MCLEOD: The one thing exceptional leaders and parents do differently

Photo by Tori Boone

Photo by Tori Boone

We're weird about paying for advice.

We'll spend time and money on relatively non-important areas, like tennis lessons. Yet we often resist seeking expert advice in critical areas like our career or parenting.

Ask your neighbors how many of them have paid a golf pro. Then ask how many of them have ever hired a business coach or taken a parenting class. I guarantee you the number will be much lower.

Which is a shame. Because after 20 years of coaching leaders and studying parents, I've learned that the one thing exceptional leaders and parents do differently from everyone else is to seek out and pay for expert advice.

They read, they take classes; they're always trying to up their game. They're constantly in learner mode.

I'd love to tell you that I'm a lifelong learner in both leadership and parenting. But it would be a half truth.

The full truth is I've been a student of parenting since before I had kids. But it took a few business setbacks for me to get serious about my development as a leader.

I made the classic mistake. I was proactive about improving my skills in the area where I felt the least confident -- parenting. But in the area that came naturally to me, work, I wasn't as diligent.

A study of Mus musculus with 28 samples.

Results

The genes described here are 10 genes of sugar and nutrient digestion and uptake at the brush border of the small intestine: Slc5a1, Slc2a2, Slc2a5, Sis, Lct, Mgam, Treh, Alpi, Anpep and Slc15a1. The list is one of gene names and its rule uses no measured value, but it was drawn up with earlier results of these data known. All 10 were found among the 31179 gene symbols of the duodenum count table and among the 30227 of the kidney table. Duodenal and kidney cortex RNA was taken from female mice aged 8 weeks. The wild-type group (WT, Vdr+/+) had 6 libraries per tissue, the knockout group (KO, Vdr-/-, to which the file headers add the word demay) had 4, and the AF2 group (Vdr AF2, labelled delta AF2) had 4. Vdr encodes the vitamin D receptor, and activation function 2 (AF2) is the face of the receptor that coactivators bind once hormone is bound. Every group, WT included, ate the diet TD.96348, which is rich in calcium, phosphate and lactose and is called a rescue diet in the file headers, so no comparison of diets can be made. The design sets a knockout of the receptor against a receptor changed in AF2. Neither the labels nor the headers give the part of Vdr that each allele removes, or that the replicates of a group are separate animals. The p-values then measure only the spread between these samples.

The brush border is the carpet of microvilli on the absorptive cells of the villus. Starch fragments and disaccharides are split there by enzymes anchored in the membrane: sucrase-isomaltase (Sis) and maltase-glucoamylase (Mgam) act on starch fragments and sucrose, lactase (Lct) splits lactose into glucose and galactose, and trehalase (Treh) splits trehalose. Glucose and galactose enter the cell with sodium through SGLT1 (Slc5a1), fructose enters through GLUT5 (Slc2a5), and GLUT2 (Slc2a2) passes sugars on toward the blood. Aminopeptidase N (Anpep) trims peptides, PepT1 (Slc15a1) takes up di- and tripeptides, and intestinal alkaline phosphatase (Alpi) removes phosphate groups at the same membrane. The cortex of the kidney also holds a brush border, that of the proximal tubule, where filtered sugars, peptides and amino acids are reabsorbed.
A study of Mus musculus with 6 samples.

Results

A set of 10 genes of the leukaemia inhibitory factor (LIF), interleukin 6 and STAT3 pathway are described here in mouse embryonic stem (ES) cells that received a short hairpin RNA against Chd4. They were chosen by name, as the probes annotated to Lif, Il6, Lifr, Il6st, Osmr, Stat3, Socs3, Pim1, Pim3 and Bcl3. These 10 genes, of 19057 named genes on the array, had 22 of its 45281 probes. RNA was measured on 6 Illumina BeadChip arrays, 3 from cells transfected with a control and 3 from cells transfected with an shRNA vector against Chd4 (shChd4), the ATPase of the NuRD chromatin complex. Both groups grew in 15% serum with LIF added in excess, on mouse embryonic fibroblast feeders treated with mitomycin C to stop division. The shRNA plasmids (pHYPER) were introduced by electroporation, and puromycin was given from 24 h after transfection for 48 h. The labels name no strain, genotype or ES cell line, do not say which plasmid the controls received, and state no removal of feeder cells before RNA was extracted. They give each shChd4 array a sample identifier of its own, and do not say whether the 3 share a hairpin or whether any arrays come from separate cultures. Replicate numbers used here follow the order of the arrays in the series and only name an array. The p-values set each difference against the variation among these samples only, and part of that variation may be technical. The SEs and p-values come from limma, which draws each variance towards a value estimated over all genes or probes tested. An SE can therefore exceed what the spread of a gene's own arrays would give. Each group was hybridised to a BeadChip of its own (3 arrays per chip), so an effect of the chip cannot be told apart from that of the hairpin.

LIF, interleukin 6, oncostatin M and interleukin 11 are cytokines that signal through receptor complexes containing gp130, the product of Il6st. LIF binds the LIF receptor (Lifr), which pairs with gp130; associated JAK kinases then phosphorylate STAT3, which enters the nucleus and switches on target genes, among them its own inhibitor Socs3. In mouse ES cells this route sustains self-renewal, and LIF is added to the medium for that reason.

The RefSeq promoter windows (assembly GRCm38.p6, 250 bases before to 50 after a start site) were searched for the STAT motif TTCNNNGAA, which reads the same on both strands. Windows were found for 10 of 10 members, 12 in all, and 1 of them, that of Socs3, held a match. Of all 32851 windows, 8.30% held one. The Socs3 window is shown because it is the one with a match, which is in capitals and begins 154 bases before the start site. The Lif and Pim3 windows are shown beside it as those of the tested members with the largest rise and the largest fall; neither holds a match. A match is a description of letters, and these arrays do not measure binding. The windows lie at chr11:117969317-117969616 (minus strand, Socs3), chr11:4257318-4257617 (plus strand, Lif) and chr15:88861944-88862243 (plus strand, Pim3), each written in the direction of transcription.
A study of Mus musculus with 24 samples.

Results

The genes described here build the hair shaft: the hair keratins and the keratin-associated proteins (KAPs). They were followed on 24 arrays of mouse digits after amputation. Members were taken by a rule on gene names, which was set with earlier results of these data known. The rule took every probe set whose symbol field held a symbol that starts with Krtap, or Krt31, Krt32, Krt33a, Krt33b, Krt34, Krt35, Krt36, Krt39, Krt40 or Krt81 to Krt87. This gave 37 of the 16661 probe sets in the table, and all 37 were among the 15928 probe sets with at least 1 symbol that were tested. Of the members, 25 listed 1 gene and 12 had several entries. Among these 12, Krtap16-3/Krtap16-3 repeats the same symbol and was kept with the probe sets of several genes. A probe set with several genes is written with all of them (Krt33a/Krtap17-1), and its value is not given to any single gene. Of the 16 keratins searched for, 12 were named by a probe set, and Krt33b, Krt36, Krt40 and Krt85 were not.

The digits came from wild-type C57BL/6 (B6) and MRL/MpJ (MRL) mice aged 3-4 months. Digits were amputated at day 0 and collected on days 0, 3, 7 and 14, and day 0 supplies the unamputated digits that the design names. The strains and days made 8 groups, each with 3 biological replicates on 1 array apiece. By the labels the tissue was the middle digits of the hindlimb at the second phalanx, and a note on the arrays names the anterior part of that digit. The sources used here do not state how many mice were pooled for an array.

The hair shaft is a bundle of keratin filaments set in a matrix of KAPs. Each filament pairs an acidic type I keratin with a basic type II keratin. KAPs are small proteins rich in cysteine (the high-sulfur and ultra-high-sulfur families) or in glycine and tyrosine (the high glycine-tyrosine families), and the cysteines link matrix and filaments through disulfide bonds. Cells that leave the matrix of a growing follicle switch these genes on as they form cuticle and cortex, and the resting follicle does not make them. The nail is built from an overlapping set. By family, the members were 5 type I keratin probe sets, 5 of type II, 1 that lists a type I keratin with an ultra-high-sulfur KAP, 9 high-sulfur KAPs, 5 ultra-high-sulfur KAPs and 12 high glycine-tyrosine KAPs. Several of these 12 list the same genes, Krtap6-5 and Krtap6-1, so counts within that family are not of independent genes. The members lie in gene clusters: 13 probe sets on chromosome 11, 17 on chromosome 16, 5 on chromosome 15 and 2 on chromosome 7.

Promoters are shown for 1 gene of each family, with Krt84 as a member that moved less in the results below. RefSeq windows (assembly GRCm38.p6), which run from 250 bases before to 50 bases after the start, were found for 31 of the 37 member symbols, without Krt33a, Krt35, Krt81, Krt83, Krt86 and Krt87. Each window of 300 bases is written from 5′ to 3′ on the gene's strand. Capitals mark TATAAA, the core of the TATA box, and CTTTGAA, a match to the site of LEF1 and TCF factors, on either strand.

Most people do the opposite; they get training for work, but not parenting.

Parenting expert Amy McCready, founder of Positive Parenting Solutions, says, "Most people don't come to a parenting class until they're in crisis and they're out of control. They don't know what to do and they've spiraled down."

The result is, you're trying to improve your skills in a high stress situation, which is the worst way to learn anything.

McCready's new book -- "If I Have to Tell You One More Time: The Revolutionary Program That Gets Your Kids to Listen Without Yelling, Nagging or Reminding" -- opens with a candid story about her own parenting stress.

After years as a successful corporate executive, she elected to stay home with her two boys and found herself turning into "The Yelling Mom."

In her video at www.AmyMcCready.com she says, "I had this aha moment one night when I thought, I feel like I'm getting sick. My throat was scratchy, it was hurting. I thought, I must be coming down with something. Then I realized, I'm not getting sick. The reason my throat hurt is because I had been yelling so much that day.

"I thought, how in the world did this happen to me? I love these little guys more than anything in the world and intellectually I didn't want to be the yelling mom, but that's who I had turned into."

McCready went on to study Adlerian psychology and create online parenting education programs to help parents break out of the reactive power struggles she once found herself in. She even offers free training for military families, see www.positiveparentingsolutions.com.

As for me? I became a student of parenting because I wanted to create a happier, more successful family than the one I came from. I'm not a perfect parent, but 18 years into the job, I can honestly say, I'm pretty good at it and I really enjoy it.

That's the thing about training, when you become more skilled, the job becomes more fun. Paying an expert doesn't mean that you're failing. It means that you've made a commitment to succeed.

Business strategist Lisa Earle McLeod specializes in sales force and leadership development. She is author of "The Triangle of Truth," a Washington Post Top 5 Business Book.